The Pentagon has increased programs to recruit spies, both in the United States and abroad, as part of Defense Secretary Donald H. Rumsfeld's push to penetrate and destroy Islamist terror cells.
The Defense Intelligence Agency (DIA) has increased its work force, including agents who recruit spies, from 6,500 to 7,500 since the September 11 attacks. DIA wants Congress to relax a rule on recruiting U.S. citizens as spies so it can burrow even deeper inside the enemy.
"We believe there are potential sources of information in this country we are not tapping right now," Jim Schmidli, deputy DIA general counsel for operations, said in an interview. "We think there is a potential well of information here."
Outside the DIA, Mr. Rumsfeld has empowered U.S. Special Operations Command to use warriors in more spying missions. Socom has added training programs to better teach commandos how to recruit sources and how to track suspected al Qaeda operatives around the world.
Mr. Rumsfeld established the first-ever undersecretary of defense for intelligence. The new undersecretary then created the Defense HUMINT Management Office at DIA to train case officers and coordinate dissemination of what the spy culture considers its crown jewels -- trusted human sources burrowed inside the enemy. HUMINT is short for human intelligence.
The Pentagon's move to recruit more spies is receiving a bipartisan endorsement from the Senate Select Committee on Intelligence, which has the power to veto Mr. Rumsfeld's spy policies.
"The committee supports the creation of the Defense HUMINT Management Office as a means of executing [Pentagon] objectives," the committee said in its fiscal 2006 legislation authorizing intelligence programs. "The military services have been authorized to rebuild their HUMINT capabilities."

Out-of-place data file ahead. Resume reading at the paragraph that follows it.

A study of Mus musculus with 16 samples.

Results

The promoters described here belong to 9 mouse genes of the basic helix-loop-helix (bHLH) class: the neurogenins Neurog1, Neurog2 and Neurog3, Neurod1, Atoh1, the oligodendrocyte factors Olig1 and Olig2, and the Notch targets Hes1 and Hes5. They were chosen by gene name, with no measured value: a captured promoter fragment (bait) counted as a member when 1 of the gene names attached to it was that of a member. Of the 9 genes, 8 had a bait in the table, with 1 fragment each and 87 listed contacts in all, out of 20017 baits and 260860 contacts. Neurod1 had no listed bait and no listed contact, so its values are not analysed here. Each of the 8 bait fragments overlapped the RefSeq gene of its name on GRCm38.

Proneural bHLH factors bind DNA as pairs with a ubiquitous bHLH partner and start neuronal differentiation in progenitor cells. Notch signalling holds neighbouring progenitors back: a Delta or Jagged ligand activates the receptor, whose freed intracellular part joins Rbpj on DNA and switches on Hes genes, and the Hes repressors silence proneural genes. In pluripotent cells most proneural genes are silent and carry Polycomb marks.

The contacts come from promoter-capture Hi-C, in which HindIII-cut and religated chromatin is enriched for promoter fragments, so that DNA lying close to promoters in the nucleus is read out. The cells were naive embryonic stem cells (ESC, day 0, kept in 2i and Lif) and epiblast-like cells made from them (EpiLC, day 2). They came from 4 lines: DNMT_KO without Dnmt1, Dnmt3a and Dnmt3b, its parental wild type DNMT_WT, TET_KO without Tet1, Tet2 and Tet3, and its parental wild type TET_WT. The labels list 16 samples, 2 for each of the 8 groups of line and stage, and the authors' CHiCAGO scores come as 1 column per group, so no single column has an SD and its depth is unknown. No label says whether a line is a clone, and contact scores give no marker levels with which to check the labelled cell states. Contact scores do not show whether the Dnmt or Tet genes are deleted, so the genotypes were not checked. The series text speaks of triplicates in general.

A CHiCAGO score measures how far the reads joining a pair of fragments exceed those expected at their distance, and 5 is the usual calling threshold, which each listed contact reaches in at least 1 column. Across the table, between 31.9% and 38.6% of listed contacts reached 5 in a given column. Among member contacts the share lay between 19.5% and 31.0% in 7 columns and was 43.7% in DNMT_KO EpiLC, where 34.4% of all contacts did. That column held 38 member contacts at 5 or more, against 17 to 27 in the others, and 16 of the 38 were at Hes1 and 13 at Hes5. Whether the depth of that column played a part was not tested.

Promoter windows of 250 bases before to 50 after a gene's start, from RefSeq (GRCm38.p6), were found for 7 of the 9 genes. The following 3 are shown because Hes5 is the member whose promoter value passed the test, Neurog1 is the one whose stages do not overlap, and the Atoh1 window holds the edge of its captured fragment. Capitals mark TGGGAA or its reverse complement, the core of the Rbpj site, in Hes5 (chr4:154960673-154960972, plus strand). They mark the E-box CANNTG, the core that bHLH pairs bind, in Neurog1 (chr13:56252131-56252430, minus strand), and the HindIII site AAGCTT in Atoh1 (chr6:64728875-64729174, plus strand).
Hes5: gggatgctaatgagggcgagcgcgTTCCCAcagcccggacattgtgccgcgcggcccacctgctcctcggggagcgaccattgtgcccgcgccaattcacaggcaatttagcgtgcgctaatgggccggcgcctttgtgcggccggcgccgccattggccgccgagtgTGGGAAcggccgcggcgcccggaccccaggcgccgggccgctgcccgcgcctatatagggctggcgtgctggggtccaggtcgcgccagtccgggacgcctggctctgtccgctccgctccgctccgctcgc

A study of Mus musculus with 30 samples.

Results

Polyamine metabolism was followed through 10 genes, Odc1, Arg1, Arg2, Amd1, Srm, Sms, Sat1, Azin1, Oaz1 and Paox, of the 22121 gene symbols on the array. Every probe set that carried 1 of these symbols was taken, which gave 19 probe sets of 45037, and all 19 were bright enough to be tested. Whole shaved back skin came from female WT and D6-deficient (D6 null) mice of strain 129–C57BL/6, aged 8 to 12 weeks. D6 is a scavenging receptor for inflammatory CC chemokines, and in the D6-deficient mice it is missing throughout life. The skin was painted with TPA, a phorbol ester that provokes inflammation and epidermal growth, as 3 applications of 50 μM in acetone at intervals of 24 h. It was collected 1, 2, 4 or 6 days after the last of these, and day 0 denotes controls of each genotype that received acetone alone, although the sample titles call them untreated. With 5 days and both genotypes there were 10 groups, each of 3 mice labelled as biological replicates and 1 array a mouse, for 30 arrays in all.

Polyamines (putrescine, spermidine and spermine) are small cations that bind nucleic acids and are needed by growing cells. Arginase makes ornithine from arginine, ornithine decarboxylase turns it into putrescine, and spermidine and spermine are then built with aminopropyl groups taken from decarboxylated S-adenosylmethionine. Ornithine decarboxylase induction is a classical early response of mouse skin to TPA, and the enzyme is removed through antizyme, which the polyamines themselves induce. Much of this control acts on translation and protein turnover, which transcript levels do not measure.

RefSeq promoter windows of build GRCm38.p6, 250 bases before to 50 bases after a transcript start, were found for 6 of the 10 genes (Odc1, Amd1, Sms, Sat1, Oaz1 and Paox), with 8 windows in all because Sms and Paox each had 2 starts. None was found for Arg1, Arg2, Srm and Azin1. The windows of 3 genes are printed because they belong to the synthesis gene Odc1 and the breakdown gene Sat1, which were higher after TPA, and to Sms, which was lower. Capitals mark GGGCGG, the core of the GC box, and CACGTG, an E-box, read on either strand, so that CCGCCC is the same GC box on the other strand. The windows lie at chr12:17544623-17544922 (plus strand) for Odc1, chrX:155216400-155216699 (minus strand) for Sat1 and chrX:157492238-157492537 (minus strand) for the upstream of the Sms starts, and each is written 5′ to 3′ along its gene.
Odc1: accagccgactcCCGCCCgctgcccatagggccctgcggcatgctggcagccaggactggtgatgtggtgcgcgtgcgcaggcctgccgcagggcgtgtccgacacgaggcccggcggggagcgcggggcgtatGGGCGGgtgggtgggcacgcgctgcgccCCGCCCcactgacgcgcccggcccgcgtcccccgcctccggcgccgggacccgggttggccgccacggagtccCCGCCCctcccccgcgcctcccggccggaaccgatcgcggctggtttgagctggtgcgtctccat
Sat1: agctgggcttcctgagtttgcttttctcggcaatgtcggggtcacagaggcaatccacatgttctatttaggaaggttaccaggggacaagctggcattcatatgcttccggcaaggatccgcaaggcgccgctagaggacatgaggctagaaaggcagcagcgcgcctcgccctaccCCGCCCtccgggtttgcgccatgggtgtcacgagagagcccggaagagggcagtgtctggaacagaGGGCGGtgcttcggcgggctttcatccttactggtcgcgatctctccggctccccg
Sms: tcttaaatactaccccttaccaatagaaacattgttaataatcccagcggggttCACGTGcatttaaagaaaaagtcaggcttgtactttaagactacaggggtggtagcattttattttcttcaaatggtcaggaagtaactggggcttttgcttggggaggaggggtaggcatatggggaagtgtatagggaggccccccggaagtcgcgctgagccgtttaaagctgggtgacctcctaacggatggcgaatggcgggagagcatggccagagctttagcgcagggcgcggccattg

The panel also delivered a plum the DIA has been seeking for two years. Under the 1974 U.S. Privacy Act, military intelligence officers must disclose who they are when trying to recruit a U.S. citizen, or permanent resident alien, to spy on an enemy. The FBI and CIA have no such restriction. The committee has endorsed giving the same exemption to the DIA. The House Permanent Select Committee on Intelligence is expected to go along when the 2006 bill reaches a conference.
George Peirce, the DIA's general counsel, said approaching a potential source under the cover of another identity is sometimes the only way to assess a person's value and to protect the operation's secrecy. Also, he said, immediately disclosing that you are a DIA agent can have a chilling effect on the approached person.
"The framers of the Privacy Act did not envision that its notification requirement would be used to frustrate the legitimate efforts of military officers to collect information from citizens voluntarily in order to protect our nation and its armed forces," Mr. Peirce said.
The DIA is particularly interested in persons who can provide information on another country's arsenal. It wants informants on the group al Qaeda in Iraq and on the terrorist-run industry that is producing scores of deadly improvised explosive devices.